Originality results in an idea, something that no one else will ever be able to replicate, as they cannot look at it through your eyes. To everyone, originality means something else. Rather than a word originality can be viewed as a concept. It combines our creativity and individual perspective on a topic or situation.
What originality means to us and how we perceive it can change throughout our lifetime. Nevertheless, one thing is most likely to remain the same: Originality and authenticity go hand in hand. And both have more to do with self-discovery and a deeper understanding ourselves, than with how others define being original.
One ideal that is promoted in the current times of information and technology is the ideal of standing out and being unique. Social media, articles on blogs … we are confronted with the terms originality or authenticity everywhere. Along with examples how we should strive to embody it.
But where would you even begin? It is so easy to be swayed into focusing on instant gratification rather than the long-term benefits and growth. Originality does mean that you put a spin on a perspective or idea. But doing things your way and expressing yourself freely can be challenging if it doesn’t line up with common standards. Despite that, sharing your ideas with the world can lead to places and people where you will be met with support.
The challenges of being original and authentic in the age of social media
The vast amount of knowledge and information available nowadays can fuel pressure and worry, even in the most confident individuals. The pressure to be social, the pressure to keep up with trends, the pressure to keep up with the constant change of technology. Your worries range from your popularity on social media, to how great your content actually is.
Standing out and subverting the expectations that the world – other people – have formed about who you are, is uncomfortable. It’s a gamble: To steer your steps to roads none has walked on before, might result in both praise and sneering.
No matter how liberating it might be to take the leap, not everybody feels capable handling the risk of getting rejected or cast out. It can feel like a high price to pay if you get scorn, rather than encouragement. Especially, if you are rejected by family and friends.
That witty comment. That heart-felt and profound quote about life. You think of it all as something original – only to realise that someone has said it before sometime and somewhere. Does that mean you have nothing worthwhile to say that could be considered original? Even if something has been said before, as humans we build on the ideas that came before us. Through that we come up with our own unique answers and perspectives. So yes, it is worth sharing our take on things, even if somebody else has done that already!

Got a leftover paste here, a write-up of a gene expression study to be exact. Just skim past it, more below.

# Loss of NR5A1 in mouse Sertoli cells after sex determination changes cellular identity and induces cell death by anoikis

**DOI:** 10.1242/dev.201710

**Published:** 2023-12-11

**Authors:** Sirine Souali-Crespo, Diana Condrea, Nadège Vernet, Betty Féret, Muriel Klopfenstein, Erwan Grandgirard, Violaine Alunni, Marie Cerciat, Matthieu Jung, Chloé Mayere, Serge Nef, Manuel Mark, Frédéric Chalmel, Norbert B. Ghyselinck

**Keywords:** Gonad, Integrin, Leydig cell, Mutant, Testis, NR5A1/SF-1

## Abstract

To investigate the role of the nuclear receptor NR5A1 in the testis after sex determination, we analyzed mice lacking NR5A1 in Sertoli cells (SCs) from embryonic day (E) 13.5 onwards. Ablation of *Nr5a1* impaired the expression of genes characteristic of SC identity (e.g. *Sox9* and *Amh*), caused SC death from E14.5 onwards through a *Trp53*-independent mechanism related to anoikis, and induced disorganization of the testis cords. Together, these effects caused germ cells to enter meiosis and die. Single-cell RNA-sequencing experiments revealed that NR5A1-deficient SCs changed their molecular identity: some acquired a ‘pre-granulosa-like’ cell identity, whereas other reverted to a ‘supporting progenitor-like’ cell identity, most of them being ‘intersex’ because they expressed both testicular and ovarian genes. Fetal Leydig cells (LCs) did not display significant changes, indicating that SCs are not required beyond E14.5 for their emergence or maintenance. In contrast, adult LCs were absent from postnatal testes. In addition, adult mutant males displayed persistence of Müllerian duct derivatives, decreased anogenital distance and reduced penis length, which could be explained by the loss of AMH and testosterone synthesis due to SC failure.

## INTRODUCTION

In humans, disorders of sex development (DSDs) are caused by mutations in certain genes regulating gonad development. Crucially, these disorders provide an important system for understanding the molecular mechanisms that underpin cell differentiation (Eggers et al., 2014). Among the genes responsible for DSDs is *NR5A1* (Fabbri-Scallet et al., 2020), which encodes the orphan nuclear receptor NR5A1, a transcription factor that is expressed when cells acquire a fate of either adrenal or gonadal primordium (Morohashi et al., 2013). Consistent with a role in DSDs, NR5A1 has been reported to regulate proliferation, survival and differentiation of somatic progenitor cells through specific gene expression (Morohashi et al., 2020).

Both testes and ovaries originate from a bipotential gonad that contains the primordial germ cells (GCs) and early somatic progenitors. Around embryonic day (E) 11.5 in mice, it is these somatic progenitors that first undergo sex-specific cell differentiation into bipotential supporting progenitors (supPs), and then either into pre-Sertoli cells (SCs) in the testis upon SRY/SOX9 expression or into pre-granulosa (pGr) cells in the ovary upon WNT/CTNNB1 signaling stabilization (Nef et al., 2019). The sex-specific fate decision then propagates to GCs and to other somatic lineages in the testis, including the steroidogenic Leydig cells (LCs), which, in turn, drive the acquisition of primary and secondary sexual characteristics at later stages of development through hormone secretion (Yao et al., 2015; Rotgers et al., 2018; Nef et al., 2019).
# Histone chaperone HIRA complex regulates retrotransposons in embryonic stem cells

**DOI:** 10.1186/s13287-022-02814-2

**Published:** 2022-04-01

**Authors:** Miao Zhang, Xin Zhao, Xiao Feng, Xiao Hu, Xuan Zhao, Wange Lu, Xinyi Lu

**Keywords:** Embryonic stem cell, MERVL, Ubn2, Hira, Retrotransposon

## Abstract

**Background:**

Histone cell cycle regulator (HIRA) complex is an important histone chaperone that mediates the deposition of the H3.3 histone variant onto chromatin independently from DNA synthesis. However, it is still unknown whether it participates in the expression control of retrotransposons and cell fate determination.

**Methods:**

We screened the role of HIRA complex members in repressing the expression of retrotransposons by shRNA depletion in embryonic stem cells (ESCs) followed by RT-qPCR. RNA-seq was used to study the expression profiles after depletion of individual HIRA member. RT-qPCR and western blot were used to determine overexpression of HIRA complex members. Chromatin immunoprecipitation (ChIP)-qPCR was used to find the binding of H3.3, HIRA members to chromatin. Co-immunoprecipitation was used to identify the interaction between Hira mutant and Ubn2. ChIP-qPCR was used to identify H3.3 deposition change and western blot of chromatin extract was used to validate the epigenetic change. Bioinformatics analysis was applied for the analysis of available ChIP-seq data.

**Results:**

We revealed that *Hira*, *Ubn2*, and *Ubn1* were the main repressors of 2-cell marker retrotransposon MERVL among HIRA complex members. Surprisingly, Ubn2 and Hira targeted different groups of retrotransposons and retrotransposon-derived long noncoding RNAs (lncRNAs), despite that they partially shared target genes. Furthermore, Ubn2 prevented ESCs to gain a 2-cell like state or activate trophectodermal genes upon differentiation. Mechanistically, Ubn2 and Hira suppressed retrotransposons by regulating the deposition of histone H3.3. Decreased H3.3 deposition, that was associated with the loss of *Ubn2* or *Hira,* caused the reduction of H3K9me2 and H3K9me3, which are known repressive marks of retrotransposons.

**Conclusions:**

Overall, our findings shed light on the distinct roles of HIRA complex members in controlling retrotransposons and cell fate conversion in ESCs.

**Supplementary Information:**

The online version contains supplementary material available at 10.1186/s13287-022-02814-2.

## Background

In school originality gets buried beneath standardisation and time pressure
Originality draws the short end of the stick in school. Even if educators are passionate about fostering creativity in their students, lack of time and resources can limit the capacities of teachers.
Students often are expected to behave in certain ways to achieve a particular grade. Reading an article and analysing it according to instructions given. Writing down the answer to a math question they solved. To get higher grades they are expected to be nuanced, and as detailed and comprehensive, as they can be in their answers.
At a first glance it may look like students are allowed to express their ideas – being free-spirited and original in the way they present arguments, reasons or solutions. Instead, most of the way students analyse, learn, and get assignments done is standardised for various reasons.
In public education as it exists around the world having a regulated grading system, requirements, and exams to measure performance and skills is crucial. Taking a different route and alternative way to solve tasks or learn can, depending on the approach of your teacher and the school system, result in difficulties.
Schools impart valuable information and knowledge, but through “by heart” learning. Students are given questions and are learning the answer. Developing solution-oriented, original, and critical thinking gets cut short often. Even if educators do see the importance of these skills, different factors can make it hard to apply them in their daily work.
Originality: Dare to discuss it
Originality is a word bound to many assumptions and expectations. Teachers and students might not have the same understanding about the concept of originality. When I went to high school – or gymnasium as we say in Sweden – we never had a dialogue about originality itself. To me the word has not always been easy to grasp. To be original means to create something new, that was the meaning that my mind immediately associated with the word. It took me a while, however, to not see this “creating something new” as coming up with something that does not exist in some shape or form. It’s fine to put your own unique perspective to the table, and it’s ok that that is enough.
The dialogue that needs to happen goes both ways, teachers and students need to understand the expectations on both sides. But what teachers need to be mindful of, first and foremost, is to create an environment where students feel safe enough to ask their questions and reveal their concerns. Especially in classes where students might be more reserved.
It might help if teachers bear in mind that students are the same as they once were: Uncertain, a bit apprehensive perhaps, but also curious and eager to understand and learn. In a safe, understanding environment this curiosity and will to learn can bloom into original ideas and confident self-expression.